Featuring: Samuel Fly
Photo credits: YouTube/V. Lyubovny
Anyone familiar with the sport of basketball’s history knows about New York City’s one and only Holcombe Rucker Park for basketball.
This recreational landmark is the breeding ground for Harlem’s division of Manhattan, New York, and its Rucker Park Street Basketball Tournament. This created a streetball Mecca for the underground basketball recruiting element, which benefited Division One college basketball teams, semi-pro leagues, and even the NBA.
The Rucker Tournament’s historic setting has been depicted in a national sports broadcasting documentary, as well as a box office Hollywood film. However, during the 1960s, there was a young two-way guard nicknamed “Pee Wee” who’s superstar status on the court was already solidified.
Born Richard Kirkland (pictured), Pee Wee became the talk of the town for his uncanny ability to score points. Playing then as the prototype of what today’s two-way guard is expected to do, Kirkland also had superior ball-handling skills. This made him an unstoppable facilitator. His court vision and passing ability kept his teammates in the game as scoring threats too.
Kirkland played his high school ball at NYC’s Charles Evans Hughes Senior High. His outstanding work as athlete earned him a full-ride scholarship, for the first time, at Kittrell College in North Carolina. But Kirkland quickly outgrew his two-year instituion’s ball club when he began scoring a whopping 41 points per game.
His first-ever accomplishments in North Carolina made headlines and this led to nationally-known schools offering new scholarships. In the late 1960s, Kirkland chose Norfolk State University (NSU) in Virginia as the four-year school he would play for. At NSU, Kirkland continued to rise to the top in the rankings of basketball record books.
As Kirkland continued to ball out of control, what many did not know is that the young basketball icon was no broke college boy. While mastering the world of college athletics, Kirkland was still involved as an overlord of Harlem’s criminal underworld. He had so much money, that he declined an NBA contract to play for the Chicago Bulls.
Kirkland already drove and owned cars, which cost what the up-front cash offers from the Bulls were. Known as “The Bank of Harlem,” Kirkland was involved in just about everything on the black market that made distributors like him rich. But there are consquences for a wealth-building lifestyle of crime. Kirkland learned this by serving two separate stints in prison.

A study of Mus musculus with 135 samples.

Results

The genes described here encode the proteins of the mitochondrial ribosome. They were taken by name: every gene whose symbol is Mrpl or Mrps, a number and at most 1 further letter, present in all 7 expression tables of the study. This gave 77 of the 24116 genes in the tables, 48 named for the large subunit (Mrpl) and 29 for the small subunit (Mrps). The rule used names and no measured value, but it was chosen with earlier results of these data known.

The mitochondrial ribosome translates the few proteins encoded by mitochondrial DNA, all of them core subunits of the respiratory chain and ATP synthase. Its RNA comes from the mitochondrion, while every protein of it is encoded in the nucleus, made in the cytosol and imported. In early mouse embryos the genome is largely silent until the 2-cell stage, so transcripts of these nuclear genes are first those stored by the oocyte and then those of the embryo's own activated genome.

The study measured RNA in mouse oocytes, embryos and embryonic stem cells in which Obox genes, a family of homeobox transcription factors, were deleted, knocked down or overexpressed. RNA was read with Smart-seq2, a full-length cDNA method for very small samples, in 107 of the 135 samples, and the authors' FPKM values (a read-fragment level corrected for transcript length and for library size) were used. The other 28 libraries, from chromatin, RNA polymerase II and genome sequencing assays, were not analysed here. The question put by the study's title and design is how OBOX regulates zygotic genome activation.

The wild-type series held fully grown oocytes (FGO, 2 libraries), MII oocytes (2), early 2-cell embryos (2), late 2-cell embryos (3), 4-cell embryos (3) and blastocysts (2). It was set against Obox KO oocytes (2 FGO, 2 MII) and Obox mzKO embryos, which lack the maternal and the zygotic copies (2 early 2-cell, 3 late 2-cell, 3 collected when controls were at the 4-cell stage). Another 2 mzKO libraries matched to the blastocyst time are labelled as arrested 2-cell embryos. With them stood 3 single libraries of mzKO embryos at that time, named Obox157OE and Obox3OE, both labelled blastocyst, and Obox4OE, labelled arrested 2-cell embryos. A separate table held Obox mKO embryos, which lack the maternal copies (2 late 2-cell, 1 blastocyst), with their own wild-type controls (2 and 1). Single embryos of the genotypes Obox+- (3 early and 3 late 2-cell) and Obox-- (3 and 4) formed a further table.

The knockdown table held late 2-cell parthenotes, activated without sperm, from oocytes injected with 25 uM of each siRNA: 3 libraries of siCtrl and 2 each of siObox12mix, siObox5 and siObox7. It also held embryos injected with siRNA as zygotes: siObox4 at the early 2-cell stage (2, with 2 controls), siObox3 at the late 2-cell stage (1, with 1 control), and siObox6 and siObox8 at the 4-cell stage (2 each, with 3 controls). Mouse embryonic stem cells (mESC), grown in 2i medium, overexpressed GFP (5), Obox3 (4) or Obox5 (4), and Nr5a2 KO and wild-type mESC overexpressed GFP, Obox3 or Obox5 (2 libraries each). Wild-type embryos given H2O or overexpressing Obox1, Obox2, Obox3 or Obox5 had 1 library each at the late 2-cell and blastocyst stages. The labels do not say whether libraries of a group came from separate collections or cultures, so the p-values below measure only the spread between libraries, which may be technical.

As a much older man (today he is 75) after doing many years of hard time, Kirkland’s legend continued to swell. As an actor, he played in 1994’s cult classic “Above the Rim” and portrayed Georgetown University recruiter Phil Redd. Around this same time, Kirkland was a legitimate basketball coach who served children on his teams that came from underrepresented communities.
Kirkland’s life is proof that it is not always how you start; it is how you finish. To learn more about this Harlem legend’s impact on the hip-hop world of today read the video description below (written by Samuel Fly for Daily Motion).
Watch Kirkland’s interview clip today after reading Samuel’s story.
“Many people believe that Frank Lucas was one of the biggest heroin kingpins in New York during the 1970s. When the box office film “American Gangster” was released in 2007, the Lucus folklore saga increased intrigue over fact and fiction; over who was really the biggest and best in NYC’s underworld. However, Pee Wee Kirkland told VladTV that his operation was much bigger. The famed drug kingpin and basketball player revealed that many of the scenes in the 2007 Denzel Washington film were sensationalized. Kirkland said in his VladTV interview that the film depictions, which show drugs being brought into the U.S. from Vietnam in coffins, “never happened,” according to Kirkland.
VladTV asked Kirkland if he would ever release his own tell-all movie. Kirkland explained that he’s been approached for years about doing a biopic. However, Kirkland made it clear that he’s not interested in giving every detail of his life for a movie. He added that any film about him will be a lot more real than what Lucas has been depicted to be. Kirkland also spoke about how he turned his life around and how his new path has helped him influence hip-hop artists (including Ludacris).
In other words, Pee Wee Kirkland’s dream is to help today’s younger, hip-hip-influenced generation. He also told VladTV that they must learn how to better themselves by leaving the street life alone.”